Wednesday, June 11, 2014

The Teaching Force Is Largely Newbs

In their article "The Greening of the American Teacher," Mercer Hall and Gina Sipley focus in one finding of a CPRE report on shifts in the American teaching workforce. That report is worth a look all by itself, but we'll save that for another day, because Hall and Sipley have some interesting insights to share.

The American teacher is now most probably a newb. There are several possible reasons for that trend-- Hall and Sipley blame, in part, the erosion of tenure. And in fact they've dug up some interesting research that shows some hugely interesting findings about private/charter school teachers:

        1) They report more job satisfaction than public school teachers
        2) They are more likely to quit than public school teachers
        3) One of the top reasons given for the departure is lack of job security

The effects of this greening are many.

One is increased instability of teaching staff. We know that almost half of all beginning teachers will leave within their first five years. That means a largely newb staff may face high turnover. And despite the reformster insistence that youthful enthusiasm is the key to teaching excellence, most researchers and human beings who live on this planet reach the opposite conclusion-- that it takes 5-15 years for a teacher to really master the job.

Of course, some of the side effects are attractive to reformsters, especially the lower costs for staff. But as Hall and Sipley note, "the current skewing of the teacher force toward a homogenized team of amateurs, however, undermines the undisputed benefits of skill and maturity."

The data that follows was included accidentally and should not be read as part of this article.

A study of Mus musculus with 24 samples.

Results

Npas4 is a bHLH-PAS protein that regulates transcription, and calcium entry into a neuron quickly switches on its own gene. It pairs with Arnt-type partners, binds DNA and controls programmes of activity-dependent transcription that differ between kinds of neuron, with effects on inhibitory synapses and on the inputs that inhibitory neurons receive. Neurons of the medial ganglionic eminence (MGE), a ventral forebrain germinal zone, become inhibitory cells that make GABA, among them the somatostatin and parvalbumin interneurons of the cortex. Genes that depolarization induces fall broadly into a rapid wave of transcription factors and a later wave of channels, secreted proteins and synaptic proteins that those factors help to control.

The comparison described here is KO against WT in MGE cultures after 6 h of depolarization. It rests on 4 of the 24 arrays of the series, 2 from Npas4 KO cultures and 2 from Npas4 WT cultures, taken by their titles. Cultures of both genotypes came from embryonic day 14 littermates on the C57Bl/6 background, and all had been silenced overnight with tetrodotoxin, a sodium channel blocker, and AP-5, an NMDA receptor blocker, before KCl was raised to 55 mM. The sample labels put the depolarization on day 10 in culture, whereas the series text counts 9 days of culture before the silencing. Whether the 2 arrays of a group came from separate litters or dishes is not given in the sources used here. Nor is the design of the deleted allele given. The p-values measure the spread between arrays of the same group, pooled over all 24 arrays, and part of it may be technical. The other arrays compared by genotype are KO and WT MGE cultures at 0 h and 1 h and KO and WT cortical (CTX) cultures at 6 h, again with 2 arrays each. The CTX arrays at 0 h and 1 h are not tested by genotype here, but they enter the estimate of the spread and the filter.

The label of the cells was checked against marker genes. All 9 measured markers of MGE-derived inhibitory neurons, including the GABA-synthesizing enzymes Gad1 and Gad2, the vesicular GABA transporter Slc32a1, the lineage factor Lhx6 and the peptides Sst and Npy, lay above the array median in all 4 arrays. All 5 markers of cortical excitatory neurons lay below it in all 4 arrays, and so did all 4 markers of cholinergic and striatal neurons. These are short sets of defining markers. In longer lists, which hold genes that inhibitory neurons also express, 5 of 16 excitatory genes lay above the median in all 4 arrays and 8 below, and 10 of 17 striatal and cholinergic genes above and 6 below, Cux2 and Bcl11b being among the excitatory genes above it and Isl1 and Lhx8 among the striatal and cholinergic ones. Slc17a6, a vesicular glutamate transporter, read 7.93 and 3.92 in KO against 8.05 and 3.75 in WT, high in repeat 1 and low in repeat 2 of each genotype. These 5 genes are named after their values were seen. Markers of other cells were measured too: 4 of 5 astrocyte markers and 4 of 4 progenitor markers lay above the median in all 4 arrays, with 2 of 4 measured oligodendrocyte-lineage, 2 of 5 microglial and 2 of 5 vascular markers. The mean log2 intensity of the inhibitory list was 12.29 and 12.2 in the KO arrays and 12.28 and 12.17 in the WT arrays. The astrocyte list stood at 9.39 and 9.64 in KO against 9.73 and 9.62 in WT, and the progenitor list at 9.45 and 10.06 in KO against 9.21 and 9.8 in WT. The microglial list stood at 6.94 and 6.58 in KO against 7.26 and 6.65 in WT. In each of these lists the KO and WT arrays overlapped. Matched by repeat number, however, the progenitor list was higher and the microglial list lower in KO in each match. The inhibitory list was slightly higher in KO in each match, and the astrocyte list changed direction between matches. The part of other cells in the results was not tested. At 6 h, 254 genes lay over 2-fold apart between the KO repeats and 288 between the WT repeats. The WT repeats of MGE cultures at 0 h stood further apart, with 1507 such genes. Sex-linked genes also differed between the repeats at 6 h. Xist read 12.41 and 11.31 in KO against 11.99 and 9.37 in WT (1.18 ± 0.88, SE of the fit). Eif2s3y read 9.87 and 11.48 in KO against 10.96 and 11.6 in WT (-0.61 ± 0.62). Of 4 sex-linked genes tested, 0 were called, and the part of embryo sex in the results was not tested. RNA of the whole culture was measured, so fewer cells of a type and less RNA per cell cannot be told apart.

1. A good school should be made up of highly experienced teachers, teachers in mid-career, and young new teachers. Isn't that obvious? How did we end up with an administration that does not understand something so fundamental?

  2. My goodness! Teaching is a profession in which you get better with time, including the time it takes to get to know yourself after trying to fit yourself into the mold many teachers grow up in (the authoritarian mold). I was not raised this way, and I am not an authoritarian teacher either, but it's taken me many years of learning just how growing up in a Gestalt and Jungian run home actually helps me to become the best teacher I can be...this together with my strong "work ethic" from a Norwegian heritage, after 25 years of teaching I still love and am more excited by my career choice than ever before.